Meaning of “The Living Years” by Mike + The Mechanics
The Living Years is a song that was released by the English pop/rock group Mike + The Mechanics (Mike and the Mechanics) in 1988. The lyrics of the song talk about a son who is so full of regret for not resolving his conflict with his father before his father’s demise.
According to Mike Rutherford of Mike and the Mechanics, the lyrics of the song, which were written by Scottish songwriter and musician B.A. Robertson, are based on Robertson’s true life story. Robertson’s father passed away at a time when he and Robertson were not speaking to each other. The song also talks about the birth of Robertson’s son which occurred about three months after his father’s passing.
Prior to this revelation, many fans assumed that the song was about the misunderstandings that existed between Rutherford and his father, who died not long before the song came out. It is worth noting that the group’s record label was responsible for promoting the impression that the song was inspired by Rutherford’s strained relationship with his father. The label did this in an attempt to promote the song – a strategy that worked very well.
- The song was written by Rutherford and B.A. Robertson. Both Rutherford and Robertson had lost their fathers in 1986 during the writing process of the song. As a result of this, the song is a very personal one for them.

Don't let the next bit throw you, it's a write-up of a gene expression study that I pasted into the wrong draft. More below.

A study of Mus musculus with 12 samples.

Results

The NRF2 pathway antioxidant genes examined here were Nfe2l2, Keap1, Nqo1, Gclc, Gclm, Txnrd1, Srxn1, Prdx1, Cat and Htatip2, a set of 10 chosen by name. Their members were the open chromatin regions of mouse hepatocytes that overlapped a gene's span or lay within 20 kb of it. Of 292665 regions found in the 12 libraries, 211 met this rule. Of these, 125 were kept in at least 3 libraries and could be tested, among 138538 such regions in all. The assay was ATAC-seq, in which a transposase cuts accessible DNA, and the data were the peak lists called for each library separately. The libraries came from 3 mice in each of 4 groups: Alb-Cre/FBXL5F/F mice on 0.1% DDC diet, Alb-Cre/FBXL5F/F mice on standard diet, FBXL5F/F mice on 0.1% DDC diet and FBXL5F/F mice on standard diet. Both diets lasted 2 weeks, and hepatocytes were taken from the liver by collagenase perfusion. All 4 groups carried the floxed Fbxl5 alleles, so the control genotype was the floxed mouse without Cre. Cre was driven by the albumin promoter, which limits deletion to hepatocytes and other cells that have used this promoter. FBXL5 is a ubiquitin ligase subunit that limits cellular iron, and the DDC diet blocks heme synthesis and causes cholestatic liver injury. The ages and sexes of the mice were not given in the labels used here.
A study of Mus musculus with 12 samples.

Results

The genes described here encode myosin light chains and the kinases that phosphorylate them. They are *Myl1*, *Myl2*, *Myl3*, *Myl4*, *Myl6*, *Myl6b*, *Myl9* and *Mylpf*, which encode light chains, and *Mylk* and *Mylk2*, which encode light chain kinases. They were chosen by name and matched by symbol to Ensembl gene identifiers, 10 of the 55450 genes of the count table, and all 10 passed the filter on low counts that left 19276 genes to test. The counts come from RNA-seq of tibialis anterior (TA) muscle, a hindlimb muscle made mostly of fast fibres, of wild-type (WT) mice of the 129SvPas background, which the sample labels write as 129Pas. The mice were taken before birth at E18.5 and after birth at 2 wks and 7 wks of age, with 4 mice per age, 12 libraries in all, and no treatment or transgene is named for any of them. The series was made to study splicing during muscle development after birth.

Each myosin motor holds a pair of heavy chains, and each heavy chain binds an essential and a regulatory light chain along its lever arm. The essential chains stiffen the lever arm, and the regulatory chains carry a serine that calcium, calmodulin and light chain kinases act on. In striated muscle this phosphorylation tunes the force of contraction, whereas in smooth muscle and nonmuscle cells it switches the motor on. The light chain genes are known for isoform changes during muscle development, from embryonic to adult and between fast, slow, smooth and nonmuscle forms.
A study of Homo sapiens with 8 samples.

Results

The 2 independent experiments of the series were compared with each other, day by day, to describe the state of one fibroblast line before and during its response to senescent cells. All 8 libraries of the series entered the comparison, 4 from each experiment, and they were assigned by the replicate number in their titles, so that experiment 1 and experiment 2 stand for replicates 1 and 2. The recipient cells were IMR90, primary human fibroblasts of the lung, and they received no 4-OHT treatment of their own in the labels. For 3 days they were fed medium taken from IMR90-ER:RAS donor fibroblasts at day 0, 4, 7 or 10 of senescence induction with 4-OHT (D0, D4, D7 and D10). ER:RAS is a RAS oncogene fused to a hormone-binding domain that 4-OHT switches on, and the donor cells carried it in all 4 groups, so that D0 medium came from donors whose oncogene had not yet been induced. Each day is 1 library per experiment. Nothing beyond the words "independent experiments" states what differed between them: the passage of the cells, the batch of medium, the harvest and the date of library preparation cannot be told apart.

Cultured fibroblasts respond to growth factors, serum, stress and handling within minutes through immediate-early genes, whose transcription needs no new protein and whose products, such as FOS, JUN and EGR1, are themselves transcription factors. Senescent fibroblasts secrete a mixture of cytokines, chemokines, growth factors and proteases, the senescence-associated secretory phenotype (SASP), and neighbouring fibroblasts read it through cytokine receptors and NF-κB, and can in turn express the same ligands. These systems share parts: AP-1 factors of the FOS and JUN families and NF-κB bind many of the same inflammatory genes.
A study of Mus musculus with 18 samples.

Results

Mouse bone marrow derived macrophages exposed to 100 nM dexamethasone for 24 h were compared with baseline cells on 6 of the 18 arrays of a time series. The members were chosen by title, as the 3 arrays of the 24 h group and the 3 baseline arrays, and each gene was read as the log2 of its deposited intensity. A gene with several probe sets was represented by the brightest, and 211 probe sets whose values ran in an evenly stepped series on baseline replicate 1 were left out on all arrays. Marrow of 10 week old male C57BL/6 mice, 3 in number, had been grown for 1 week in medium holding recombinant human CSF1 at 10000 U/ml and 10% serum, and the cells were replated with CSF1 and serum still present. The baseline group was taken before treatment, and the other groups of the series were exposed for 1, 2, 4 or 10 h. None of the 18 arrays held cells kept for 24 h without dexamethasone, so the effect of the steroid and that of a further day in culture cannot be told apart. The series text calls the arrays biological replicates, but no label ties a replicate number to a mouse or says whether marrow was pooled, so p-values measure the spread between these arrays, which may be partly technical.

- The music video of the song features English actress Maggie Jones best known for playing the character Blanche Hunt in the hit soap opera Coronation Street. The young boy in the music video is Rutherford’s son Tom who was then 8 years old.
- The lead vocals on the song is sung by Paul Carrack, who also at some point in his life lost his father in a tragic accident at work.
- The song was released on December 27th, 1988 as the second single from the band’s second studio album titled Living Years.
- The Living Years is one of the most successful songs of Rutherford’s career, including his career with Genesis. The song was a hit in numerous countries across the globe. For example, on the U.S. Billboard Hot 100, it peaked at number 1. In the U.K. Singles Chart, it made it to number 2. It also peaked at number one in several countries, including Canada, Australia and Ireland. In addition to topping the charts in numerous countries, the song received an Ivor Novello Award in 1989 and a Grammy Award nomination in 1990 for the Song of the Year category.